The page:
Sunday, July 15, 2012

One thing never changes

My family’s first telephone was a large box on the wall with a crank on one side and a receiver on the other. We spoke into a black mouthpiece that protruded out the front. Our phone was on a “party” line, meaning several families shared the same circuit. To phone us, they had to ring “one long and two shorts” or something like that.
 
Today’s telephones are more like mini-computers. Even my plain-Jane cell phone allows me to text messages around the world and go on the Internet. Times have changed with telephones, all things electronic and in many other ways.

Things have changed when Christians try to talk to others about Jesus Christ, at least in North America. Two thousand years ago, John the Baptist had no problems pointing people to the Lord.
The next day again John was standing with two of his disciples, and he looked at Jesus as he walked by and said, “Behold, the Lamb of God!” The two disciples heard him say this, and they followed Jesus. (John 1:35–37)
Today, if a follower of Jesus spoke of Him as the Lamb of God, they would get a blank stare at best. In our culture, there is no longer any general knowledge about the Jewish sacrificial system and the significance of calling a man God’s Lamb. 

This is not restricted to our culture. When Christian missionaries go to primitive people groups, their goal is to translate the Scriptures using terminology that makes sense to those groups. The book “Peace Child” is one example of the struggle to find something in a culture that makes sense of Jesus dying for their sins as a substitute, just as the lamb was the substitute for the ancient Hebrew people. If offered in faith, trusting God to forgive their sin, the lamb was sufficient. However, those people looked forward to a permanent sacrifice, one that need not be offered every day, one that would take away the sin of the world.

This concept makes little sense to modern people. It sounds pagan, even silly that God (even if there is a God) would require blood to atone for sin. Even the concept of sin has changed so that many consider that this is merely a guilt trip and that sin does not exist. Just as the telephone has evolved, so has the idea of faith in God, and just as there are many types of telephones, there are many religious beliefs.

Yet there is something about the telephone that has never changed. Its basic function is to provide a way of communicating with someone that is not standing beside me. Whether I use a tin can and a fence line (those once existed as primitive telephones also) or a fancier model with more bells and whistles, the goal is still communication.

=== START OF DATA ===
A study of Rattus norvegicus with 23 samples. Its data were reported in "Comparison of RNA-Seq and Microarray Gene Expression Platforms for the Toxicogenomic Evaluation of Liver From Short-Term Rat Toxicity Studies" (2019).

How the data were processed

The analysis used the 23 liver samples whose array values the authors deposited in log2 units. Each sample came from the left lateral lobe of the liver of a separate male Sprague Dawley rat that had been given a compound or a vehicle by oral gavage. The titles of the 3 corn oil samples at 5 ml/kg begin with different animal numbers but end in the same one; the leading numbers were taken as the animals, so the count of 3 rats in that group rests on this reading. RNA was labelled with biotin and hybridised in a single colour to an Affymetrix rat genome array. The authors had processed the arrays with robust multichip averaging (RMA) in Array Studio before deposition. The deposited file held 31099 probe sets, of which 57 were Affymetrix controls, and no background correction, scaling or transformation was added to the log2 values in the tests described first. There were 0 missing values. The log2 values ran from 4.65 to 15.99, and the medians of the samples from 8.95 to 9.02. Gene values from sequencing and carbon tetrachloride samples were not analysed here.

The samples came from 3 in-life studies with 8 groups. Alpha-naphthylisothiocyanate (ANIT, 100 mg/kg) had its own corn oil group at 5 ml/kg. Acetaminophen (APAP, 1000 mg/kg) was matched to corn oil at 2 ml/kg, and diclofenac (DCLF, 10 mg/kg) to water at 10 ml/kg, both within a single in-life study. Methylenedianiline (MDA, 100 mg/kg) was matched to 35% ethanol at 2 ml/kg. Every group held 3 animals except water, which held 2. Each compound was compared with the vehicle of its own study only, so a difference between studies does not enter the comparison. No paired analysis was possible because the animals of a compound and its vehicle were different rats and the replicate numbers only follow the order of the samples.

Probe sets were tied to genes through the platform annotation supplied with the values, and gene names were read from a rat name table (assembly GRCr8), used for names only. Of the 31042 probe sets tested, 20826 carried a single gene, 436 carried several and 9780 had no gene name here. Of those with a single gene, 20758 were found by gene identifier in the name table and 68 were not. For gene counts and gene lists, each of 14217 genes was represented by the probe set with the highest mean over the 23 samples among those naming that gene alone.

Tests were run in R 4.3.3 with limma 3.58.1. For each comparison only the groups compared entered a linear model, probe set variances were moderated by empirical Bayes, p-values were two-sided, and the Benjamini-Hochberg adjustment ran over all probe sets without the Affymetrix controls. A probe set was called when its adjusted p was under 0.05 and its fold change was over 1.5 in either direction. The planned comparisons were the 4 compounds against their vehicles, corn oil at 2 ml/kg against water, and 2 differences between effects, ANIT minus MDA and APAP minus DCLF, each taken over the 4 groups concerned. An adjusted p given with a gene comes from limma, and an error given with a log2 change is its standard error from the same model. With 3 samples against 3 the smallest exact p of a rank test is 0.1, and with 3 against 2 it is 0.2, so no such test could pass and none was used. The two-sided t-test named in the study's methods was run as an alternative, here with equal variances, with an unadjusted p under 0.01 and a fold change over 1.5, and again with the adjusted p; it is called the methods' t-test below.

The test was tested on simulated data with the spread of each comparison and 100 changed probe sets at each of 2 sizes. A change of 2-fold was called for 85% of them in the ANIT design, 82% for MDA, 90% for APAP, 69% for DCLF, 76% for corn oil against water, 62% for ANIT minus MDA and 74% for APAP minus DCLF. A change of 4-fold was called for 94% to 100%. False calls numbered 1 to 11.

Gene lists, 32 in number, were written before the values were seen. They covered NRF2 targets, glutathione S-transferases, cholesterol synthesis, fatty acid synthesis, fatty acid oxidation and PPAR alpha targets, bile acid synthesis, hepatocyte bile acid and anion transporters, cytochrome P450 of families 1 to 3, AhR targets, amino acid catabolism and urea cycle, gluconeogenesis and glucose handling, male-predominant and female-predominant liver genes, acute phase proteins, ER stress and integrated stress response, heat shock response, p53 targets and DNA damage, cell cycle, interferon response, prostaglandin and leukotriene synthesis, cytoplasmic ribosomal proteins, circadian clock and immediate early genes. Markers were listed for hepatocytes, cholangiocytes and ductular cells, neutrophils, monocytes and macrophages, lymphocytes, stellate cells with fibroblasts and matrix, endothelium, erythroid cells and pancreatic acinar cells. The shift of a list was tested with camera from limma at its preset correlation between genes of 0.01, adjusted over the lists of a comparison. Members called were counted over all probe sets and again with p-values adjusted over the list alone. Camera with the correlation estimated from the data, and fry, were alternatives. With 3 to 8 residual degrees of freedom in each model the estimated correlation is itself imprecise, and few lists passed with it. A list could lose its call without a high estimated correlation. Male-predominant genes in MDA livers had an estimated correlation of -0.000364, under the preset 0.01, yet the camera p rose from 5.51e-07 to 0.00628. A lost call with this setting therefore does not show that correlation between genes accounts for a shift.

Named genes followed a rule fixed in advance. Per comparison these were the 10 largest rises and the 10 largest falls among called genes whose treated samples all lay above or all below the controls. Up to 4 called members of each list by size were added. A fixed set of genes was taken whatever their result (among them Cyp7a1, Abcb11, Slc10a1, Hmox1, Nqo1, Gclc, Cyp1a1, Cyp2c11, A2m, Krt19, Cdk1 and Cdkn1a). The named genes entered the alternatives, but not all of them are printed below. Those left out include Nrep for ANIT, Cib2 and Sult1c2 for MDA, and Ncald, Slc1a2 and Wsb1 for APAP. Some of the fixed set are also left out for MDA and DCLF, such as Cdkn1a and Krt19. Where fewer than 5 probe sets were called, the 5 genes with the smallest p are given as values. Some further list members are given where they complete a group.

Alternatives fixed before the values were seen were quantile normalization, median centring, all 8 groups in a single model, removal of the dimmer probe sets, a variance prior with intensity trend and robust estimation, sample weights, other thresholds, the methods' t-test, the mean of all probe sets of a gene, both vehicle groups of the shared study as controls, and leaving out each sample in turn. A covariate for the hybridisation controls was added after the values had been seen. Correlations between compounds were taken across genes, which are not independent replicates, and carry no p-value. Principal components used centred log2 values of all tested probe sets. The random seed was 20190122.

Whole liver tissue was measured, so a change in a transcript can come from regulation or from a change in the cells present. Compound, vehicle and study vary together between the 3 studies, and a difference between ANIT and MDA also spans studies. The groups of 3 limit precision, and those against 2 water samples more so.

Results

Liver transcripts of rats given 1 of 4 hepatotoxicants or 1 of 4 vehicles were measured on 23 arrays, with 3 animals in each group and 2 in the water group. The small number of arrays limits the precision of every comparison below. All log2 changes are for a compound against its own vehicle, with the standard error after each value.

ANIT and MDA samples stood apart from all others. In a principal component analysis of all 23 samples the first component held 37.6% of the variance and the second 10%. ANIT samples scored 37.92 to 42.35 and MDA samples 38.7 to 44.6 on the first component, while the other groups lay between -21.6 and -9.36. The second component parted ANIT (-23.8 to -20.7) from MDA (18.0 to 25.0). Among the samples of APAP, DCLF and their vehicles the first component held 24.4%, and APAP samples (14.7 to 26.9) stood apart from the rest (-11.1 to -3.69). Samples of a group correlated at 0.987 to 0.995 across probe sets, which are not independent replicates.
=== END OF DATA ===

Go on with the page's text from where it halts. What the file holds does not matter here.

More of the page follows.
This is the same with the purpose of the lamb. Simply put, Holy God created human beings in His image and had a personal relationship with Him. However, they rebelled against His command and became sinners (fell short of the image). God said the soul that sins shall die, creating a huge problem for human beings.
But God loves His creation so He promised to restore that broken relationship. He would send someone to save them from their sin and give them a new, pure life. In the meantime, they needed to sacrifice lambs for their sin. Each lamb was a substitute, dying in their place so they could remain alive, even though there was no change in their character — yet.

Then Jesus came. He was the One who would restore humanity to the relationship for which we were created. First, He had to die for the sin of the world, which He did. Then He rose from the dead and offers that new life to sinners. It is not automatically imposed. In ancient times, just as atonement was only for those who believed God and obeyed by slaying a lamb, so it is with those who put their faith in Jesus Christ. This is for those who believe (and obey Him, in that order). The idea of “salvation by faith” has never changed.

Also, faith and new life go hand in hand, happening at the same time. Our part is to believe. God’s part is to forgive our sin, come into our hearts and give us a new nature. From that new nature we have new life, eternal life, a life that changes who we are and how we live. 

This is the Gospel. God loves us. In sin, we reject Him. He must punish sin (He is holy), but instead of punishing us, He sent His Son as our substitute. Because of Jesus sacrifice and resurrection, God offers forgiveness and eternal life to those who believe. A great plan, one that works for all generations, all people groups, all time.

What about the “many valid religious beliefs”? Upon examination, those other beliefs have changed the gospel from “Jesus did it all” to “I can earn favor with God by…… (fill in the blank). Even some who call themselves Christian base their faith on a “I will do it myself” foundation. Jesus knew that would happen. His timeless response makes sense.
Jesus said, “I am the way, and the truth, and the life. No one comes to the Father except through me. (John 14:6)
I love my compact little phone that needs no wires nor a big box on the wall, but I also love the unchanging gospel of Jesus Christ. Communicating it to others is a challenge, but it is still God’s plan of forgiveness and a changed life that throughout the centuries has stayed the same. 


Father, when I walk into a telephone store, I’m amazed at the choices and varieties. How does anyone select a new phone? Yet when it comes to reaching You, knowing You, communicating with You, how simple You have made it. Whether we call Jesus the Lamb of God, the Savior, the Lord of Lords, God in human flesh, or all the many ways He is revealed and spoken of, He remains the only way to You.